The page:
Gloucester's former rugby league heavyweight could be handed his Red Rose debut if he steps from the bench on Saturday and Williams said: "It's going to be David versus Goliath if we face each other, but I've got to deal with it and bring him down by any means possible, as long as it's within the law.
Williams may give away seven inches in height and over four stone in weight to Vainikolo but has made a living out of proving he can knock the big men from their stride.
"I've played against plenty of big wingers like the Tuilagi brothers and France's Aurelien Rougerie. They're all monsters compared to me," he said.
"I've learned the hard way that you have to tackle these guys around their legs. If I try to tackle him high then he'll probably chuck me into the stand. Sometimes it's easier playing the big men, you know what you're going to get rather than someone like Jason Robinson who can step past you in a heartbeat."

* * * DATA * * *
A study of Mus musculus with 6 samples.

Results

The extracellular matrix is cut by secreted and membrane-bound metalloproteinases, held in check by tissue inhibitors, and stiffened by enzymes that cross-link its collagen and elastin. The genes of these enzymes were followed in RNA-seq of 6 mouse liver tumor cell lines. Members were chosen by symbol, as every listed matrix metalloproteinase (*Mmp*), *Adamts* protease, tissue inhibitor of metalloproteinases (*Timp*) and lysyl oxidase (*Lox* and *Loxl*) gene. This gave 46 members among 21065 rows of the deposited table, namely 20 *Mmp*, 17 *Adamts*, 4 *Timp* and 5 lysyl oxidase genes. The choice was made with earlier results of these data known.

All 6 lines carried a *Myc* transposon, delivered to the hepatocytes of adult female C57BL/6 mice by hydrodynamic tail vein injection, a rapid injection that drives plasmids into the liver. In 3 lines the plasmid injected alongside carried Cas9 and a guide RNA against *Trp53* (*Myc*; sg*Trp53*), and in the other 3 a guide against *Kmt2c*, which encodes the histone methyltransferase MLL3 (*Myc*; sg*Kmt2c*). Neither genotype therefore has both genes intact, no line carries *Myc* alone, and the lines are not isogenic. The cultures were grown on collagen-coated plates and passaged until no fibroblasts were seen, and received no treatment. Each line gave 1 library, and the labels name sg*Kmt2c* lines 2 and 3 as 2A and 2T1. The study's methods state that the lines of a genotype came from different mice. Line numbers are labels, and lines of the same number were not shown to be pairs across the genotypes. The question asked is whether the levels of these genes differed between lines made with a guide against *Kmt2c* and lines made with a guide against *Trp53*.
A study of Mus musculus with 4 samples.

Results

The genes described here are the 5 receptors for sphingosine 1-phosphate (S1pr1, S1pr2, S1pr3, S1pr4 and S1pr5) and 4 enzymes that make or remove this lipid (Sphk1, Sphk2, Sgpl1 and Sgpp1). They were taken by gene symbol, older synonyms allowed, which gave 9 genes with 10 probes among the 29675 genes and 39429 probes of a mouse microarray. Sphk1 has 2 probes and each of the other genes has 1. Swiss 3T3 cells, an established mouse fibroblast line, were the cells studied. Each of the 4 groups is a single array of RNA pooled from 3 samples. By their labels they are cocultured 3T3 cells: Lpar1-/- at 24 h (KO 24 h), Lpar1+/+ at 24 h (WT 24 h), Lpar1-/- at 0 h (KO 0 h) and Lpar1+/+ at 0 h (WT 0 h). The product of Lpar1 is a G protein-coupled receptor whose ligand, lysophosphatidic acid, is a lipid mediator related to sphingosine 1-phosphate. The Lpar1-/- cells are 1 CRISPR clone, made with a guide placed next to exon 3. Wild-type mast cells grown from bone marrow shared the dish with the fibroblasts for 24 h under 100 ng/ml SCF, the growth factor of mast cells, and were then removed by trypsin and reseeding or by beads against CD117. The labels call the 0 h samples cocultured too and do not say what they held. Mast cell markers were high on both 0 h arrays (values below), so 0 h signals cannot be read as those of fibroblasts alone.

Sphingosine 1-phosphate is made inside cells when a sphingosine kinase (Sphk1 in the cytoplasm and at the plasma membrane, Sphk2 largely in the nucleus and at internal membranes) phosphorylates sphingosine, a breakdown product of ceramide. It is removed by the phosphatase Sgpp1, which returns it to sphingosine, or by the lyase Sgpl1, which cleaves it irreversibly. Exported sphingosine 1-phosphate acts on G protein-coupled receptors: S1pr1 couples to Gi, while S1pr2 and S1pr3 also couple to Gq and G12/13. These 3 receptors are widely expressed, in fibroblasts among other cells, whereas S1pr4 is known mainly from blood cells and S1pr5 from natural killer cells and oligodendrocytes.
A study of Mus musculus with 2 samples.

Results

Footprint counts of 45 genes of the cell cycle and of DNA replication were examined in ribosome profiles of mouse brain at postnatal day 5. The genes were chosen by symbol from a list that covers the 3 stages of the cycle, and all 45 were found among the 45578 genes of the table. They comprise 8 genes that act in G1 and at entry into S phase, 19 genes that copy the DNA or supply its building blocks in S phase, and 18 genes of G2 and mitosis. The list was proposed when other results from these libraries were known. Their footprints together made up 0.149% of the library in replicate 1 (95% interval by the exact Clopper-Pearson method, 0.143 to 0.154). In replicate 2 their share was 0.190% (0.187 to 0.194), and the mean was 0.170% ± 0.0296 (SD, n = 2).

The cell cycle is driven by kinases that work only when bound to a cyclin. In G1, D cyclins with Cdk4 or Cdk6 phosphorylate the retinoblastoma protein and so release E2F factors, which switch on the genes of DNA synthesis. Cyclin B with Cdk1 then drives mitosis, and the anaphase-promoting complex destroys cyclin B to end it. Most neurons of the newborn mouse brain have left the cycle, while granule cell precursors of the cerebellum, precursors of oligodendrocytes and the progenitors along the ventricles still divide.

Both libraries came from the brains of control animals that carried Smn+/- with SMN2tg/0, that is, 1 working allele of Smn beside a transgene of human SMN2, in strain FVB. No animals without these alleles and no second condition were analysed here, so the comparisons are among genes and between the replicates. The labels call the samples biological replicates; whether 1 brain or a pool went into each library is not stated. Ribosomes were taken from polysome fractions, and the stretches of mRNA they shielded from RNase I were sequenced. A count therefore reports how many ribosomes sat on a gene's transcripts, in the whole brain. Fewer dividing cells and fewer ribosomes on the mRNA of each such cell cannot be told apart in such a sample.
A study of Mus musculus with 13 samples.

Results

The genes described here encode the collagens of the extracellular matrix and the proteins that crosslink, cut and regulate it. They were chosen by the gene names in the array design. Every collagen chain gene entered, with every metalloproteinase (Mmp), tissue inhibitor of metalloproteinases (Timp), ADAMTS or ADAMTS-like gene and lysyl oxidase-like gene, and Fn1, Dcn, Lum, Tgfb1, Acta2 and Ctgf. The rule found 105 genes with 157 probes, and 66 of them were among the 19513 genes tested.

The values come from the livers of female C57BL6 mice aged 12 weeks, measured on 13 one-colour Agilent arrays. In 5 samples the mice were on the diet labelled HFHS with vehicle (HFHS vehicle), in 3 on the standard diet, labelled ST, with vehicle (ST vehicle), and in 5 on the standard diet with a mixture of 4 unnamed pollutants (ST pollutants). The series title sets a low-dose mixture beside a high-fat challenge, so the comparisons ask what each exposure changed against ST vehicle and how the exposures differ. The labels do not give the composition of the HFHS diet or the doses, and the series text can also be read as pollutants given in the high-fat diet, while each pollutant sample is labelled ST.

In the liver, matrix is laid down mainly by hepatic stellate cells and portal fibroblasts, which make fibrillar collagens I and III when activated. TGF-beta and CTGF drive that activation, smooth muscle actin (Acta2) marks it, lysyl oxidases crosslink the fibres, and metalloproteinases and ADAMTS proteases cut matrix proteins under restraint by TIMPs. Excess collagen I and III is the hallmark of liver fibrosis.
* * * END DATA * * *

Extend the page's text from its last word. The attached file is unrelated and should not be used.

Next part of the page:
Williams revealed he will take a leaf from another apparent miss-match when South Africa wing James Small stopped All Black monster Jonah Lomu in his tracks in the 1995 Rugby World Cup Final.
He said: "I'll have to close him down very quickly and not give him the space to run at me. Look at what Small did to Lomu. He was on him before he even got the ball - and it worked."
The Ospreys wizard is among the most prolific finishers in world rugby with 35 tries in 51 Tests for Wales, and was the second highest try scorer at the World Cup. Now he is ready to beat the odds yet again.
Williams scorched over for the winner against England in 2005 that set Wales on their way to a Grand Slam. Now he needs just one more try to become Wales's top finisher in the RBS Six Nations.
He said: "I don't want to wait around on the wing for the ball. I feel happier in myself when I look for work and get my hands on the ball."